I borrowed this book from the sunnyvale ca. library very interesting. here a c&p about it:
Classical physics states that physical reality is local -- a point in space cannot influence another point beyond a relatively short distance. However, 1997, experiments were conducted in which light particles (photons) originated under certain conditions and traveled in opposite directions to detectors located about seven miles apart. The amazing results indicated that the photons "interacted" or "communicated" with one another instantly, or "in no time." Since a distance of seven miles is quite vast in quantum physics, this led physicists to an extraordinary conclusion -- even if experiments could somehow be conducted in which the distance between the detectors was halfway across the known universe, the results would indicate that interaction or communication between the photons would be instantaneous. What was revealed in these little-known experiments in 1997 was that physical reality is non-local -- a discovery that Robert Nadeau and Menas Kafatos view as "the most momentous in the history of science."
In The Non-Local Universe, Nadeau and Kafatos offer a revolutionary look at the breathtaking implications of nonlocality. They argue that since every particle in the universe has been "entangled" with other particles like the two photons in the 1997 experiments, physical reality on the most basic level is an undivided wholeness. In addition to demonstrating that physical processes are vastly interdependent and interactive, they also show that more complex systems in both physics and biology display emergent properties and/or behaviors that cannot be explained in terms of the sum of the parts. One of the most startling implications of nonlocality in human terms, claim the authors, is that there is no longer any basis for believing in the stark division between mind and world that has preoccupied much of western thought since the seventeenth century. And they also make a convincing case that human consciousness can now be viewed as emergent from, and seamlessly connected with, the entire cosmos.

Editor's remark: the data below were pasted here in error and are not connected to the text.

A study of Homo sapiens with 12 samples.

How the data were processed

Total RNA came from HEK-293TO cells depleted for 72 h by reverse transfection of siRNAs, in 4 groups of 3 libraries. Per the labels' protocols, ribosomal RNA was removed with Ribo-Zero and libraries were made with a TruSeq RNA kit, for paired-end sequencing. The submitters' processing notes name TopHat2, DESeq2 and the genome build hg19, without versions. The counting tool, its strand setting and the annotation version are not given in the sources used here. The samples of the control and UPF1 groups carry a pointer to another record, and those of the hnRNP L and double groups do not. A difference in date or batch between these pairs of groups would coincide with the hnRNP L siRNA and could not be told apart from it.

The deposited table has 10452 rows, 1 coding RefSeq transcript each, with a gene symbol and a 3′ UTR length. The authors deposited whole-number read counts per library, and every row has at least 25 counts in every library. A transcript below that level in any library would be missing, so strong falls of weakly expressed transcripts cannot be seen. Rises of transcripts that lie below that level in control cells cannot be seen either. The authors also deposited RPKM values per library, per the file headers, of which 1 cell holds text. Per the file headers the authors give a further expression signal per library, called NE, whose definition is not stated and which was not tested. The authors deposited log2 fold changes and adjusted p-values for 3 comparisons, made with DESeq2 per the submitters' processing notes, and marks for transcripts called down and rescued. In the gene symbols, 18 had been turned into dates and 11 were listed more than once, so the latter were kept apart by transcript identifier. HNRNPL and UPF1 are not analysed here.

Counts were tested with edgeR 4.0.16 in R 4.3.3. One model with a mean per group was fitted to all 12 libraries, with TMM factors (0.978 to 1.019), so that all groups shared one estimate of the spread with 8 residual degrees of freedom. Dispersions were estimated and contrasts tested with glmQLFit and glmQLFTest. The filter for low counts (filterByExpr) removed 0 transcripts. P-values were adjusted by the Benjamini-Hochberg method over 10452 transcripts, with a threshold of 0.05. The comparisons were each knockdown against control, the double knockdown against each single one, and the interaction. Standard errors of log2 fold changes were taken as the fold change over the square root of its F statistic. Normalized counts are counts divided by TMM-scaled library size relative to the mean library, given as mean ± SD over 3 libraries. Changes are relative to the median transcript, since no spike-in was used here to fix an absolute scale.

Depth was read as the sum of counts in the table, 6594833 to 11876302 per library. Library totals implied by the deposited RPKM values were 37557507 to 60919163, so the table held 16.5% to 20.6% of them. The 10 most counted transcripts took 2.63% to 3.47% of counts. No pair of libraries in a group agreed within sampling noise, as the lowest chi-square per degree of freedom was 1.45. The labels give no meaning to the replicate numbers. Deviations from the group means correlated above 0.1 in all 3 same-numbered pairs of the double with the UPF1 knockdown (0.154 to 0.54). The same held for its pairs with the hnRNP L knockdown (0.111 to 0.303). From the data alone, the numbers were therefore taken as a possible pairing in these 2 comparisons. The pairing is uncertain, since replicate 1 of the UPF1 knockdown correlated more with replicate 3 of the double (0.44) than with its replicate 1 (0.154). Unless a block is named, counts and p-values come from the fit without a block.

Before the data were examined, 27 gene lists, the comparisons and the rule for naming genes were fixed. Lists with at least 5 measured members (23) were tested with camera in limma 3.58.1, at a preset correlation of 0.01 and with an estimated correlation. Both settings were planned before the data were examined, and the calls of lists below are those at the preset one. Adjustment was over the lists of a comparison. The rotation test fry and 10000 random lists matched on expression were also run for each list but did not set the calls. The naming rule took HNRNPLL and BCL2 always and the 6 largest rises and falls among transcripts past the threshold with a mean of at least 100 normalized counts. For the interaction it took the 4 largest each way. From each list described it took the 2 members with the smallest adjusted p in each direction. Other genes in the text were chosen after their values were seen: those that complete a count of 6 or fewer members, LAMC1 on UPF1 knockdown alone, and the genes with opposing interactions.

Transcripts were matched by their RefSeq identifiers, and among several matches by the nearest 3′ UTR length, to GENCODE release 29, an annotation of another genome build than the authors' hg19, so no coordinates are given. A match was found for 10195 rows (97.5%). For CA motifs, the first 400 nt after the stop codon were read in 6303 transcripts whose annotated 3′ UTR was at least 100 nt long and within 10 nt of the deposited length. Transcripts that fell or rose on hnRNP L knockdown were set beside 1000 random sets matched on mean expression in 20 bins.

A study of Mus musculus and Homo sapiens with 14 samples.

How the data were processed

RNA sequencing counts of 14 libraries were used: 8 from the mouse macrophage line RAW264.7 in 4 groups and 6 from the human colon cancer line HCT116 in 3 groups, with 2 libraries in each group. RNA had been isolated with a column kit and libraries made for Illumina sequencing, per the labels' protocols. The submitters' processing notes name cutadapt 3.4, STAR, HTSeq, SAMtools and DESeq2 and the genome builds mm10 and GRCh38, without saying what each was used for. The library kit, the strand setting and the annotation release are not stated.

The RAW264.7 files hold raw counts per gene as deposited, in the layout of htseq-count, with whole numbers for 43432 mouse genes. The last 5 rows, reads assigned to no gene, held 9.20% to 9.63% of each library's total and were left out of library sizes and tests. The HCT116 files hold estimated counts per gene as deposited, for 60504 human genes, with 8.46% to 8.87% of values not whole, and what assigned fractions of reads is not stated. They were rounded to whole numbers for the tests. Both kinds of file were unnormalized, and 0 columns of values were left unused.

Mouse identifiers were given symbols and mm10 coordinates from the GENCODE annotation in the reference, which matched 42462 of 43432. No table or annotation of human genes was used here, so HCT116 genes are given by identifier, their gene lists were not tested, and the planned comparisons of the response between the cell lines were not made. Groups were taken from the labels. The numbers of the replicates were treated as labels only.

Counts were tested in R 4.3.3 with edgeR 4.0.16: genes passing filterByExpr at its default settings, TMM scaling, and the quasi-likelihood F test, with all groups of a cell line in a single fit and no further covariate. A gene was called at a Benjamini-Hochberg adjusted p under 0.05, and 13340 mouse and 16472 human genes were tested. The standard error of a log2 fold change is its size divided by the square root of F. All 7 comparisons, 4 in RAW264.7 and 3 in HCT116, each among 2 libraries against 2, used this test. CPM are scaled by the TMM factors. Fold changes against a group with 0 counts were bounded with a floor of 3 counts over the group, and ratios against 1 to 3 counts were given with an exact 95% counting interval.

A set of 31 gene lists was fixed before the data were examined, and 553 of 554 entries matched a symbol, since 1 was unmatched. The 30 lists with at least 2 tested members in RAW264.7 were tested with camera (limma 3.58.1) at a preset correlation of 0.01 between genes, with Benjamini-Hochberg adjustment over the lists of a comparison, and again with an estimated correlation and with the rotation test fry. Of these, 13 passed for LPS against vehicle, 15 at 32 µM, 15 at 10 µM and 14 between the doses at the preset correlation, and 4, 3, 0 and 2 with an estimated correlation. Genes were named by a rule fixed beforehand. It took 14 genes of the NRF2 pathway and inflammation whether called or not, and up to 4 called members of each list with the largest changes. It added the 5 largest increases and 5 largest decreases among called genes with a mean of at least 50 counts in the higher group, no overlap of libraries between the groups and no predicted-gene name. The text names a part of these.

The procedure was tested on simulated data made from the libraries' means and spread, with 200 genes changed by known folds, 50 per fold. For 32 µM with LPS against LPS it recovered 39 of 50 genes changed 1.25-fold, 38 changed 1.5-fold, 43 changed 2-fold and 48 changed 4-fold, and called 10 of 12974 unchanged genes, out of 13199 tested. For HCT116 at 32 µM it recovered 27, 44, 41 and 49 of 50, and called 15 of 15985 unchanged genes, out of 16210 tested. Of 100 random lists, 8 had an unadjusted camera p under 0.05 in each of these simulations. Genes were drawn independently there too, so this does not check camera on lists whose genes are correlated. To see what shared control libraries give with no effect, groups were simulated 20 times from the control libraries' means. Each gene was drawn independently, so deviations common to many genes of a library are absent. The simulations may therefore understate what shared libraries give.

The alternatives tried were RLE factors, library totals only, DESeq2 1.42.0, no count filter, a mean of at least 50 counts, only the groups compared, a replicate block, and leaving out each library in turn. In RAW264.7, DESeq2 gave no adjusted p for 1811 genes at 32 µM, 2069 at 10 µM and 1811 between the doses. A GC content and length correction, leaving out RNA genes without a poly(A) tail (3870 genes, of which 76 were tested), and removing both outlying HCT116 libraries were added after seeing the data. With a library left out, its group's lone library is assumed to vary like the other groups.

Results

In pursuing this groundbreaking argument, the authors provide a fascinating history of developments that led to the discovery of nonlocality and the sometimes heated debates among the great scientists responsible for these discoveries. They also argue that advanced in scientific knowledge have further eroded the boundaries between physics and biology, and that recent studies on the evolution of the human brain suggest that the logical foundations of mathematics and ordinary language are much more similar than we previously imagined. What this new knowledge reveals, the authors conclude, is that the connection between mind and nature is far more intimate than we previously dared to imagine. What they offer is a revolutionary look at the implications of nonlocality, implications that reach deep into that most intimate aspect of humanity -- consciousness.
Robert Nadeau, a historian of science, has written seven books on the implications of advances in science and technology. Menas Kafatos, a physicist, has published numerous books and articles on computational science, astrophysics, earth systems science, general relativity, and the foundations of quantum theory. They are both professors at George Mason University in Fairfax, Virginia.